There are a few things that are key to a successful race.  

  1. Fresh Legs: You want fresh legs leading up to your rest. This may mean a day or two off, but for sure means that you are doing lower mileage and less hard running. This is accomplished through your taper. 
  2. Nutrition: Fuel your body properly in the week and days leading up to the big race!
  3. Adequate Hydration: Taking in enough water is super important as you get ready for your race. This is not just about race day. You need to be hydrating properly all the time.
  4. Proper Rest: Getting enough sleep and rest in the days before your race helps prime the pump for a good performance. Many of us don’t sleep well the night before a race, so being mindful of sleep in the days leading up is important. 

How Many Days Of Rest Before A Race?

Different factors weigh in when trying to decide how many days of rest before your race. What distance are you racing? Are you traveling to the race? Will you be trapped in a car or plane for hours getting to your destination? How conditioned are you for the race? 

You are given two complete rest days before racing, looking at the most popular training plans for the marathon or half-marathons, such as Hal Higdon or Galloway Running.

day before a running race
Image by Th G from Pixabay

Some people really benefit from a gentle jog the day before race day. This is especially true if you have traveled for any distance and length of time to get to the race venue.

Especially for people cramped in an airplane or car heading to a race, lacing up and going for a brief and easy shakeout run the day before you race can be highly beneficial. In addition, these shakeout runs can help with pre-race jitters and are a wonderful way to explore the city you are racing in!

When asked by new runners if they should run the day before a race, I always answer, “if you feel the need to, make it short, sweet, and super easy.”

What Should You Do The Day Before A Race?

The day before your big event, there are some things to do to set your body up for success.  

Packet Pickup: Most races offer packet pickup the day prior. If your event does, take care of this to take one thing off your plate on race day.

Eat Well: Nutrition is always important, but never more so than the day before a race. I like to eat my bigger, carb-loaded meal earlier in the day and then have a lighter meal before bed. This works for me. It would help if you practiced some meals before long runs to ensure your stomach tolerates them well.

Hydration: Take in plenty of water the day before to help your body out on race day.

Take It Easy: This is not the day to walk all over a new city if you hope to do well. Sure, a short shakeout run, gentle jog, or brisk walk is helpful. Go ahead and do that. But don’t try to get those 10,000 steps in.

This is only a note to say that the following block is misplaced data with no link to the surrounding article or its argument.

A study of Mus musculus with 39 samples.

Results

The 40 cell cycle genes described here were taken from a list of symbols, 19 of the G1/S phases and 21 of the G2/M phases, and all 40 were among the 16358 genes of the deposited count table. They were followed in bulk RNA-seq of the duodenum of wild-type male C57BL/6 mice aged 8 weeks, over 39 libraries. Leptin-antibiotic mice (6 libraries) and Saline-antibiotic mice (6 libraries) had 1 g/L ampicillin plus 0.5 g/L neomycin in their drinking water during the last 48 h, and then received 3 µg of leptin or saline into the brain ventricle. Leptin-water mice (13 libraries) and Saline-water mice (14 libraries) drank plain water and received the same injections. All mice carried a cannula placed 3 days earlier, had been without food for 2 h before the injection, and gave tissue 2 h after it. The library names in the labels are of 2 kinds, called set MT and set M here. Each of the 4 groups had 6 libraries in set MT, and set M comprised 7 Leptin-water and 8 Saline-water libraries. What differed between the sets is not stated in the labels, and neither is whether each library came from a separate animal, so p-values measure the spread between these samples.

Early to Bed: Even though you may not sleep well, try to get to bed early.

Prepare Race Gear: The last thing you want is to realize you are missing something on race morning. Layout all of your gear. Pin your bib on. Leave nothing to chance.

Race Fuel: Get your race day fuel ready and in your pockets or fuel belt. 

What To Do The Morning Of A Race?

I like to give myself plenty of time on race morning. I get up anywhere from 2 – 2 1/2 hours before the race start, longer if I have to catch a shuttle or drive to the race. The first thing I do on race morning is to drink a little coffee. Not too much… just enough to help me peel my eyes open. 

Some runners do a shakeout run immediately after rolling out of bed. This is a 10-20 minute super easy, light jog to get the body moving. I have not yet done this but have recently read about the benefits. 

Breakfast for me is usually a bowl of oatmeal and a banana, washed down with water and maybe a few sips more of coffee. Sometimes I take a quick shower to help open my eyes more. 

preparing for a running race
Photo Credit: Pam Berg, Grandma’s marathon, June 2015

Hopefully, between the coffee and the oatmeal, I am then ready to poop. Any runner can tell you how important a race morning poop is. The last thing any of us wants on the course is a code brown!

Typically this is about when I am ready to head to the start, whether I am driving, walking, or jumping on a shuttle. I do one last check to be sure I have everything I absolutely need and head out.

My quick check items include key (to car or hotel room), fuel belt (with water and source of energy), race bib (hopefully pinned on my shirt already!), a gear check bag if I am taking one, phone and headphones.

Using gear check, I put a dry shirt and sliders inside the bag, alongside a snack. I am gluten intolerant so finding food I can eat post-race is sometimes challenging. 

What Works For Me?

When my racing buddy Carla Hayes and I drove from Wisconsin to Pennsylvania, we most definitely needed to work the kinks out once we got there.

After checking in to our hotel, we laced up our sneaks and headed out on foot. We jogged a little, walked a little, and took in the sights. The beautiful water fountain is one of the places we explored.

Photo Credit: Pam Berg

This was a fantastic way to get a little shakeout in a while, also seeing some things in Pittsburgh. The following day when we raced our half marathon, we knew our legs were in the best shape we could have put them into.

After so many hours locked in the car, pure rest would not have benefited us as much as this time exploring did. 

Listen To Your Body’s Cues

It really is up to you to choose to run in a couple of days leading up to your race. When I am racing a 10K or shorter, I typically only take one day of complete rest. If I am racing longer, I may take two days off. 

However, if I am traveling any distance to a race, I typically do some shakeout run or brisk walk after arriving at my destination. I find that helps me tremendously. 

The key is to listen to the cues your body is sending you!